Melanie is an author, designer, photographer, and flight attendant all rolled into one. She has told stories all her life and finds her passion in sharing the plots that spin through her head. She now lives in Portland, Oregon, with her two dachshund-chihuahua dogs. She loves the beauty of the Pacific Northwest that feeds her imagination.
Scot tugs at my elbow, urging me toward another natural passageway that widens into an open space twice the size of the previous cavern. I stare up at the rounded ceiling above my head. The formation appears natural though the six hollowed openings all around the edges do not. Each of the six openings has a man-made desk situated in it, and each opening looks like it serves a specific purpose. Some have computer screens attached to the wall, others have devices that look like strange ear muffs.
Before I can find out more, Scot leads me down the dimly lit hall to the left. With each step my body tenses. If these people aren’t who they say they are, I’m in big trouble. I scan the area, mentally mapping my surroundings and searching for the best possible escape routes. My fingers tighten on my bow. I take a breath to calm the rising paranoia, telling myself that if they were the enemy, they wouldn’t take a chance leaving me armed.
We turn a corner and enter another cavern. This one is more than triple the size of the first. The whole stinking mountain must be hollow. Several levels of openings, each with their own group of busy people, rise above me to the ceiling nearly forty feet overhead.
My mouth drops open, and my eyes dart around the room, trying to take in everything all at once. On one side of the cave, six computers surround a screen similar to the one Melami used to show Leahli and me the information about Mericon. The people at the computers watch the screen intently, accompanied by a low murmur of voices. Opposite the computers I notice a short passage to another room where, at a glance, I make out all sorts of gadgets and equipment.
On the second level people move around dressed in white coats, and I wonder if they are medicine men and women, or doctors as Tolaree’s textbooks termed them. I turn in a circle, craning my neck to see what is on the third and fourth levels, but my limited height hides them from view.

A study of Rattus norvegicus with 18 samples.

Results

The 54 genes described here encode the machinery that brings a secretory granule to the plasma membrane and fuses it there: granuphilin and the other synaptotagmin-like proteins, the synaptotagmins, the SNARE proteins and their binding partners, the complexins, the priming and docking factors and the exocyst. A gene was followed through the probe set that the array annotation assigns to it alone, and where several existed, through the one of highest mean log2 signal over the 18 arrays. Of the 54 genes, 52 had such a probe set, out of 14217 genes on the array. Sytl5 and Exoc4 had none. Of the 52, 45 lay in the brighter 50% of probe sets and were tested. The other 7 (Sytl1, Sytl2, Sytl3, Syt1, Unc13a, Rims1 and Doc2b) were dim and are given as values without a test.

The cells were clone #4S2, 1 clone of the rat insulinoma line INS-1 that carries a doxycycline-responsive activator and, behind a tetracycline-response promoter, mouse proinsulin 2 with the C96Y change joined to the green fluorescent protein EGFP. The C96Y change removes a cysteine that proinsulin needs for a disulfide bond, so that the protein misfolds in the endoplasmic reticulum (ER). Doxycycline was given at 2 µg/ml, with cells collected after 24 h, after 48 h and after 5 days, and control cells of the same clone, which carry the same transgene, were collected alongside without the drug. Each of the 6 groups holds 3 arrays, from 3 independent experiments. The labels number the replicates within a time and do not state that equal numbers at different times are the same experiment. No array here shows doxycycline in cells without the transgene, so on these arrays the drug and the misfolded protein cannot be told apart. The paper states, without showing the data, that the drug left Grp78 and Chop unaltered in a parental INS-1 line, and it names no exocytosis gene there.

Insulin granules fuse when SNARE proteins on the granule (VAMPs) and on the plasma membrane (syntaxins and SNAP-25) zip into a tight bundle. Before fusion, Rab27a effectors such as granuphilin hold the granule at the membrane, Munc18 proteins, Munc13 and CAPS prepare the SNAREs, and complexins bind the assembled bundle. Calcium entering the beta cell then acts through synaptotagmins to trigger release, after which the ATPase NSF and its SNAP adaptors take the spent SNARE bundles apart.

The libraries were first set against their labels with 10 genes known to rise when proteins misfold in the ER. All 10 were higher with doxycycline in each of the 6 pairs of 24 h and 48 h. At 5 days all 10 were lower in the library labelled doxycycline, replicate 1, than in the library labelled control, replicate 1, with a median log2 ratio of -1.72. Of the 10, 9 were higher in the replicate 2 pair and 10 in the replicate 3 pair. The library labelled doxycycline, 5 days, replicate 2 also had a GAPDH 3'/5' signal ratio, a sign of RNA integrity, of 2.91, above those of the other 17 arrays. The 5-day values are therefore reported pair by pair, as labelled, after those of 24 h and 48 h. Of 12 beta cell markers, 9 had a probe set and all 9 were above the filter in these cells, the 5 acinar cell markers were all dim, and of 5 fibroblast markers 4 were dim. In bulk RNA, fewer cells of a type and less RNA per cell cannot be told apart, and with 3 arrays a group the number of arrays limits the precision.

As I turn, the murmur of voices slows and eventually stops. The eerie silence captures my attention. My gaze comes full circle to meet a slightly older but otherwise mirror-image version of myself. Everything from the petite frame right down to the flaming red hair and violet eyes is the same. My mother, Guinolen Storm.
Now that I regard her in person, I notice the subtle differences between us. Her milky white skin is much paler than mine, and her hair is much tamer and more controlled, with a lot less curl. She’s a fraction of an inch shorter than me, and her mouth is heart-shaped while mine is more oval.
The silence around us makes my stomach twist, and I shift my feet.
Guinolen smiles. “Eridale.”
Her smooth voice holds a lilting hint of an accent. As it sounds across my ears, a thousand brief memories assault me. I remember that voice singing softly in the darkness. I remember it crying as well as fighting. I remember it pledging love to Tanier McClough and later telling me I have a sister. Tears spring to my eyes as these memories flood in, momentarily pushing the harsher feelings back. That lasts for about five seconds before all the longing, sorrow, frustration, and anger return with a vengeance. I swallow hard, working to rein in my tumultuous emotions.
My voice is flat and emotionless when I respond. “Mom.”